It was a stormy week in the cloud, as an outage at Amazon Web Services affected some customers and sparked discussion about resiliency strategies. (Photo by BCP via Flickr.

It was a stormy week in the cloud, as an outage at Amazon Web Services affected some customers and sparked discussion about resiliency strategies. (Photo by BCP via Flickr.

After The Storm: Architecting AWS for Reliability


The recent data center outages for Amazon Web Services have focused attention on the best ways to deploy applications on AWS to avoid downtime. The breadth of Amazon’s cloud computing infrastructure offers many options for routing around problems in a single availability zone or region, and the most recent outage Friday night prompted much discussion around the web about the best ways to configure the architecture of AWS apps for maximum reliability. Here’s a sampling of notable analysis, commentary and resources:

EC2 / EBS Outage: Lessons Learned – From Agile Sysadmin: “Don’t treat AWS like a traditional datacenter. Amazon provides up to four availability zones per region, and a range of free and paid-for tools for using them. Techniques for taking advantage of these features range from as simple as using elastic IP addresses and remapping manually to a different zone, to using multi-availability zone RDS instances to replicate database updates across zones.”

Rainforest: Guide to a Cross-Region Strategy – From the Rainforest blog: “So, you’re hosted in a single zone, and if you’re in US-East presumably went down last night. Stop it. You need to use more than just mulitple zones if you want to stay up during one of these outages. Cross region is the answer. The following is a rough guide to making your website available regardless of ‘catastrophic’ events.”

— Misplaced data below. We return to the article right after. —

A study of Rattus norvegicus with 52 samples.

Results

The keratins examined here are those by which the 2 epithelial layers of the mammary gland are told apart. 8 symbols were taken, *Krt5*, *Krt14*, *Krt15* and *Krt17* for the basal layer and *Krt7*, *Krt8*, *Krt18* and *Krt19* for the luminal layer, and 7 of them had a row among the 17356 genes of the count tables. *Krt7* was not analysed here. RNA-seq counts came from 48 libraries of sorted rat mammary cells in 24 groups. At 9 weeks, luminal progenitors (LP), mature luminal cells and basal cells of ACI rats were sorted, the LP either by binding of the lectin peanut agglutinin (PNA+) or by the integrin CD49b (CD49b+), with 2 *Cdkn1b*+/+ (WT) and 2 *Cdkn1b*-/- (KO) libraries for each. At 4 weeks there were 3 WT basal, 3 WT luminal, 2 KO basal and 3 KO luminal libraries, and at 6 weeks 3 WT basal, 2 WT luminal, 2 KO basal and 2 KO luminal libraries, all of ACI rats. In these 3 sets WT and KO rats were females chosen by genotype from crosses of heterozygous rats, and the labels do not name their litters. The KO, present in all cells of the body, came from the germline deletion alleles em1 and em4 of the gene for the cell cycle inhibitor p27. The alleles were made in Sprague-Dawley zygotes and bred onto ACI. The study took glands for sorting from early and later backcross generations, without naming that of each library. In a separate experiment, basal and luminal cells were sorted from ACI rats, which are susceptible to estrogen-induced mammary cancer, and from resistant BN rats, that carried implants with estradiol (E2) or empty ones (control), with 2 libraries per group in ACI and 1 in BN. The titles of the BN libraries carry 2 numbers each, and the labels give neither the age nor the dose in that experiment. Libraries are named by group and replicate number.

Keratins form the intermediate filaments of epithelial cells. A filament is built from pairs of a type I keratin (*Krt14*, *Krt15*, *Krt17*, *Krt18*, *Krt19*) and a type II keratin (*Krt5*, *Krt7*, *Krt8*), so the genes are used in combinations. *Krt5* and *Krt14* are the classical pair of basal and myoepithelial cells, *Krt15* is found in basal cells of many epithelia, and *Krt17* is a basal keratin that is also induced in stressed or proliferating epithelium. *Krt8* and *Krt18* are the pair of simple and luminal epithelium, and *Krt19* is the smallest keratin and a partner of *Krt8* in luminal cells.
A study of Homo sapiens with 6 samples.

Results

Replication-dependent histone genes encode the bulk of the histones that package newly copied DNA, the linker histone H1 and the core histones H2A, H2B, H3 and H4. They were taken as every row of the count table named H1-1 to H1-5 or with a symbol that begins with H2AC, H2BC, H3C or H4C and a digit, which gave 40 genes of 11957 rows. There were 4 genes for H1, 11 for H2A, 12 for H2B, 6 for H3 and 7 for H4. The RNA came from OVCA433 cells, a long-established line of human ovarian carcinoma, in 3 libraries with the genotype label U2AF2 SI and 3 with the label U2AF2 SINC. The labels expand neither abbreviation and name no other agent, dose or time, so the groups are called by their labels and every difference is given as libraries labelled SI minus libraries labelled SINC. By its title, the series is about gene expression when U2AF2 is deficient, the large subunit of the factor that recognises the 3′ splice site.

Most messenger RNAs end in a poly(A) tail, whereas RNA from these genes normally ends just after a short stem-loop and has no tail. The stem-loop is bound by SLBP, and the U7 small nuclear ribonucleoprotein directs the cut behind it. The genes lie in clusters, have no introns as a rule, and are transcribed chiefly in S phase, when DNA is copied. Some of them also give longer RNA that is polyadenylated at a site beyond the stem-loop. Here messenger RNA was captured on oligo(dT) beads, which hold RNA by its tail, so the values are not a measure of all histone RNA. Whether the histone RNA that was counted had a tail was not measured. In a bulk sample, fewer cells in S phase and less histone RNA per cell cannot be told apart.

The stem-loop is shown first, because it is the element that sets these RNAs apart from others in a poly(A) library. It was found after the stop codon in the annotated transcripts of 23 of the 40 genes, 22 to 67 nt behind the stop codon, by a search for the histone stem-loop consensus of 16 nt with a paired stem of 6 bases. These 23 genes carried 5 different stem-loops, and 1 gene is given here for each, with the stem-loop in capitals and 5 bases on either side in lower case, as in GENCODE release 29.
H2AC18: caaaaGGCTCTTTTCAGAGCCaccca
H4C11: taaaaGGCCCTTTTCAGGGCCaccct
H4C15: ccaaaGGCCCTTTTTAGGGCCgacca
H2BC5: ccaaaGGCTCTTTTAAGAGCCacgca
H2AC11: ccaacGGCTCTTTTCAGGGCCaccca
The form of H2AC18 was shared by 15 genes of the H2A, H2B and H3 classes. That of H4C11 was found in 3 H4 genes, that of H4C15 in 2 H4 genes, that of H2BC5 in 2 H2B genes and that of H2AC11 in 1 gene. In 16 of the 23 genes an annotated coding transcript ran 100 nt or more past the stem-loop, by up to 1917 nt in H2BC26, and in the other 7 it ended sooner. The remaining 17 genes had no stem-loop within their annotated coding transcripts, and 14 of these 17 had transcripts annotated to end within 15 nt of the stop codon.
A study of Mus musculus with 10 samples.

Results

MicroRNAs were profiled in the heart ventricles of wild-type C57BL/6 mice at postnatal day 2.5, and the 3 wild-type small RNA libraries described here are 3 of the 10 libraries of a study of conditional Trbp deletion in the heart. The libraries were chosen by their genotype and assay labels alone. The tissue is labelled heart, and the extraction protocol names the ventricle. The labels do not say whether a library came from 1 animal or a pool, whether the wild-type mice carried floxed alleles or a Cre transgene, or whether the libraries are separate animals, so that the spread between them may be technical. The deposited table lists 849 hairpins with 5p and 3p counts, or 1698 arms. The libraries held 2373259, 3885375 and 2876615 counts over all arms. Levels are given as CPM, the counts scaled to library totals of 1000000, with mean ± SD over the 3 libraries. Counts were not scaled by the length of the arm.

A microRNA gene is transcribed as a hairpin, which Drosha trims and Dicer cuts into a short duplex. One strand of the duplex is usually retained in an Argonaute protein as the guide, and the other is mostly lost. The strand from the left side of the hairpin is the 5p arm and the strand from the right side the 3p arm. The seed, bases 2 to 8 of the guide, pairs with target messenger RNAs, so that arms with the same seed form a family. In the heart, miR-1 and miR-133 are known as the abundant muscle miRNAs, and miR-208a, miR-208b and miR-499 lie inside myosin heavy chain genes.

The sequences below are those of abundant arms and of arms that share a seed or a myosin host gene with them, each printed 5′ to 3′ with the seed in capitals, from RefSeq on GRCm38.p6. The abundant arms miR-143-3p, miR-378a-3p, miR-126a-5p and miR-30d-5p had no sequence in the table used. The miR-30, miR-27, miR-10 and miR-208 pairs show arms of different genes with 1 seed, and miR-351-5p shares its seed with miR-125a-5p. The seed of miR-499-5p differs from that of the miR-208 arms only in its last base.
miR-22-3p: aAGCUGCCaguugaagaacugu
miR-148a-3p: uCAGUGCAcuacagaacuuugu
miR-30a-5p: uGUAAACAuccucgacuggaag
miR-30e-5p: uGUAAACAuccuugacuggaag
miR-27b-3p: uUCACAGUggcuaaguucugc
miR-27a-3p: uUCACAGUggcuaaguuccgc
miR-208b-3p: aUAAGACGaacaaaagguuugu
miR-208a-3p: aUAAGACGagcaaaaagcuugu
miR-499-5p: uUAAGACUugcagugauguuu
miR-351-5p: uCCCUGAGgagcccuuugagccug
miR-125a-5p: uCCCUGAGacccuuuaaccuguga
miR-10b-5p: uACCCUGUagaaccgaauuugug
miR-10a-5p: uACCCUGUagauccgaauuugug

How to Synch S3 Buckets in AWS and design for failover – From Dan Morrill at CloudAve: “Synching S3 buckets is fairly easy, and there is no reason not to do it, you can cut your own custom script that will determine all the contents in an S3 bucket and make sure that even though the data centers are somewhat isolated ensure the contents are the same in each S3 bucket. You can use a freeware/minimal cost software like S3CMD from S3 tools to help you out if you need a baseline system command set to do this.”

Ask HN: Best setups to Avoid Outages on AWS – This thread at Hacker News discusses the question: “Using only AWS services, what do you put in place to help prevent disruptions when a single availability zone goes down?”

AWS Architecture Center: This Amazon resource provides reference architectures, and white papers on best practices, disaster recovery and building fault-tolerant applications on AWS. Amazon’s description: “The AWS Architecture Center is designed to provide you with the necessary guidance and best practices to build highly scalable and reliable applications in the AWS Cloud. These resources will help you understand the AWS platform, its services and features, and will provide architectural guidance for design and implementation of systems that run on the AWS infrastructure.”

And some Twitter commentary from Lori MacVittie of F5:

About the Author

Rich Miller is the founder and editor at large of Data Center Knowledge, and has been reporting on the data center sector since 2000. He has tracked the growing impact of high-density computing on the power and cooling of data centers, and the resulting push for improved energy efficiency in these facilities.